Pressfield's Turning Pro

Jocelyn K. Glei at the blog 99% has an interesting review/commentary on the book Turning Pro: Tap Your Inner Power and Create Your Life's Work by Stephen Pressfield, who's also the author of War of Art.

In this new book, Pressfield apparently contrasts the professional/artist with the amateur/addict, and shows how the latter spends energy making drama of the elements that ought to go into making art, investing energy in the yearning and longing to follow one's passion instead of foregoing that waste of energy and simply making the art.

Pressfield uses addict in a much more general sense than is usually meant. Here are some quotes from the book:

The addict is the amateur; the artist is the professional.

Both addict and artist are dealing with the same material, which is the pain of being human and the struggle against self-sabotage. But the addict/amateur and the artist/professional deal with these elements in fundamentally different ways.

(When I say "addiction," by the way, I'm not referring only to the serious, clinical maladies of alcoholism, drug dependence, domestic abuse and so forth. Web-surfing counts too. So do compulsive texting, sexting, twittering and Facebooking.)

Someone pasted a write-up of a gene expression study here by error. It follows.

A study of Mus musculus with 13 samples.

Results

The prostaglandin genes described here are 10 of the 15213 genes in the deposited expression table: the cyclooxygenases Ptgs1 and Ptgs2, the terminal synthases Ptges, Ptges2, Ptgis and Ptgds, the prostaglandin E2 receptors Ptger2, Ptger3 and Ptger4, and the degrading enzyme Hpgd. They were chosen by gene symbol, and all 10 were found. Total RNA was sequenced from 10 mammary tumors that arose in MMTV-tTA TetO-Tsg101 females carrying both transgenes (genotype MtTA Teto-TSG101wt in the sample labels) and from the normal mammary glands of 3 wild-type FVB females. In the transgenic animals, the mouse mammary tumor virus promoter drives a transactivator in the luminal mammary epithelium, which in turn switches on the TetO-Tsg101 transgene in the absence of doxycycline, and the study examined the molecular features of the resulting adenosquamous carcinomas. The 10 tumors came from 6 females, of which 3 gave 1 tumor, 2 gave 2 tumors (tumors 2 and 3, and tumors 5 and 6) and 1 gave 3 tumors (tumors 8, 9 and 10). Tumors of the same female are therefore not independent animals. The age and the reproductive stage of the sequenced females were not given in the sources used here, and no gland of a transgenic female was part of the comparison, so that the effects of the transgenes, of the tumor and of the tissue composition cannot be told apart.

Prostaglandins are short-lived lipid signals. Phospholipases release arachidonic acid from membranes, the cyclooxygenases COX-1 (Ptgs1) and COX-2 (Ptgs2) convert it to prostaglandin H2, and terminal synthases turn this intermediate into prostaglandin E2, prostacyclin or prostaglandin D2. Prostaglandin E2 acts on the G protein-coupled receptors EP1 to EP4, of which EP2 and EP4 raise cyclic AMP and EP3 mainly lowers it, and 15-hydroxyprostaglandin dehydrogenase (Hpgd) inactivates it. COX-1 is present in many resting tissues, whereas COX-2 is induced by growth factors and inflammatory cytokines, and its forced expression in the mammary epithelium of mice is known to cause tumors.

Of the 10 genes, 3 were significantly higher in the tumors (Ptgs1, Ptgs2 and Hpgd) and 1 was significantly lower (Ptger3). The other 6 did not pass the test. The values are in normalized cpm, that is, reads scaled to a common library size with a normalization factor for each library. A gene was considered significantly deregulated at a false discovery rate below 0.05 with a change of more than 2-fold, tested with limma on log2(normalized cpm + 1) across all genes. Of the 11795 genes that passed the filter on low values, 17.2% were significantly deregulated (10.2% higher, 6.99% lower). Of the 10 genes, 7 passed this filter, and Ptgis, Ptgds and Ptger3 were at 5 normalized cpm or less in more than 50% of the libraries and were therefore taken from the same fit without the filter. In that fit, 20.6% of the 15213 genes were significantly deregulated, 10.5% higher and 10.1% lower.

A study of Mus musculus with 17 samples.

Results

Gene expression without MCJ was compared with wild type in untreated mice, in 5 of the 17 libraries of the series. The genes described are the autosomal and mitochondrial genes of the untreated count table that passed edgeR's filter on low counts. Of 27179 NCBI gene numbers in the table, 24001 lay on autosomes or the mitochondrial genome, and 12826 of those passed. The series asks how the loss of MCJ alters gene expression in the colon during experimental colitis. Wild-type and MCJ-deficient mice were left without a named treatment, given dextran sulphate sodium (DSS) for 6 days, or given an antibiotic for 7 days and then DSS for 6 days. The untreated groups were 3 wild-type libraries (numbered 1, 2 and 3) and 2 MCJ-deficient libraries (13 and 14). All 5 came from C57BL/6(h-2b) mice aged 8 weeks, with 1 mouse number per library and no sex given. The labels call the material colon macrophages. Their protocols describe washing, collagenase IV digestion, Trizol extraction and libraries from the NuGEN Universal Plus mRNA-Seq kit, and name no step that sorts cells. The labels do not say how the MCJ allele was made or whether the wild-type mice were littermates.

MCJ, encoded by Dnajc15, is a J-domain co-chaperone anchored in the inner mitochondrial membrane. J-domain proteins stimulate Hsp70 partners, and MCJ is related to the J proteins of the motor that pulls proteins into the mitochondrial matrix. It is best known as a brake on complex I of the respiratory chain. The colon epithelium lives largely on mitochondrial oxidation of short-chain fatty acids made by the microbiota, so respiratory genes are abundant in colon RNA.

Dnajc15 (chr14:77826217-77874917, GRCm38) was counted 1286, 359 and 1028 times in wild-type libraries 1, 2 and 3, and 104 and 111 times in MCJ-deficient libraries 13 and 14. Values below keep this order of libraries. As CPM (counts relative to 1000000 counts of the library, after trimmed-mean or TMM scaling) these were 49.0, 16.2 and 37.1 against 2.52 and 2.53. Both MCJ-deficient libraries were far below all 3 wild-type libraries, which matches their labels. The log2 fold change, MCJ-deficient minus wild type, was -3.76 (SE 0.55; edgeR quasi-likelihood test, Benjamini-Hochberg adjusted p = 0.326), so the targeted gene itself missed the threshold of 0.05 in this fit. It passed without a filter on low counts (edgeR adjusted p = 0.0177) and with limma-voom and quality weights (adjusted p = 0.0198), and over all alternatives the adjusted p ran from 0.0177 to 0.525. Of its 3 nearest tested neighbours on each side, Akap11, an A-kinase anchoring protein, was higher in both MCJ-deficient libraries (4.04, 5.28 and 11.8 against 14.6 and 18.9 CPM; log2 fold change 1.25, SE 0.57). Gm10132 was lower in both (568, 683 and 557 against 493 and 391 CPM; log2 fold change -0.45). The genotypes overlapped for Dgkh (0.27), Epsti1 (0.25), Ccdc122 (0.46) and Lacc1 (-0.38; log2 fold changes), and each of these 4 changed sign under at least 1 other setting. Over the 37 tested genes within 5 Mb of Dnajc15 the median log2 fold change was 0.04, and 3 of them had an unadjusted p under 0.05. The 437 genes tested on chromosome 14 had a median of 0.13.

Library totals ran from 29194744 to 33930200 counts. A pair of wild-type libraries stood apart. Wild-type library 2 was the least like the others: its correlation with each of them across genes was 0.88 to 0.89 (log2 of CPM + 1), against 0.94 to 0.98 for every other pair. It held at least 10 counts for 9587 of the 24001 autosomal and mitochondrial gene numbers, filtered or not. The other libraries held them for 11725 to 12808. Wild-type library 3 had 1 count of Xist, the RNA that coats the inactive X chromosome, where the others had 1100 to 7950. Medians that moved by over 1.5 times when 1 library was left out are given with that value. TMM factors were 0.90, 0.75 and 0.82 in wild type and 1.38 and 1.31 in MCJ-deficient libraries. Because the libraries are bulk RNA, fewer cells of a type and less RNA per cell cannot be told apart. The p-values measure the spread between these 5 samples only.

Displacement activities.

When we're living as amateurs, we're running away from our calling - meaning our work, our destiny, the obligation to become our truest and highest selves.

Addiction becomes a surrogate for our calling. We enact the addiction instead of the calling. Why? Because to follow a calling requires work. It's hard. It hurts. It demands entering the pain-zone of effort, risk, and exposure.


When you turn pro, your life gets very simple.

The Zen monk, the artist, the entrepreneur often lead lives so plain they're practically invisible. Miyamoto Musashi's dojo was smaller than my living room. Things became superfluous for him. In the end he didn't even need a sword.


Looks like it could be a useful read in fallow periods. I'll add it to my list for those discouraging times.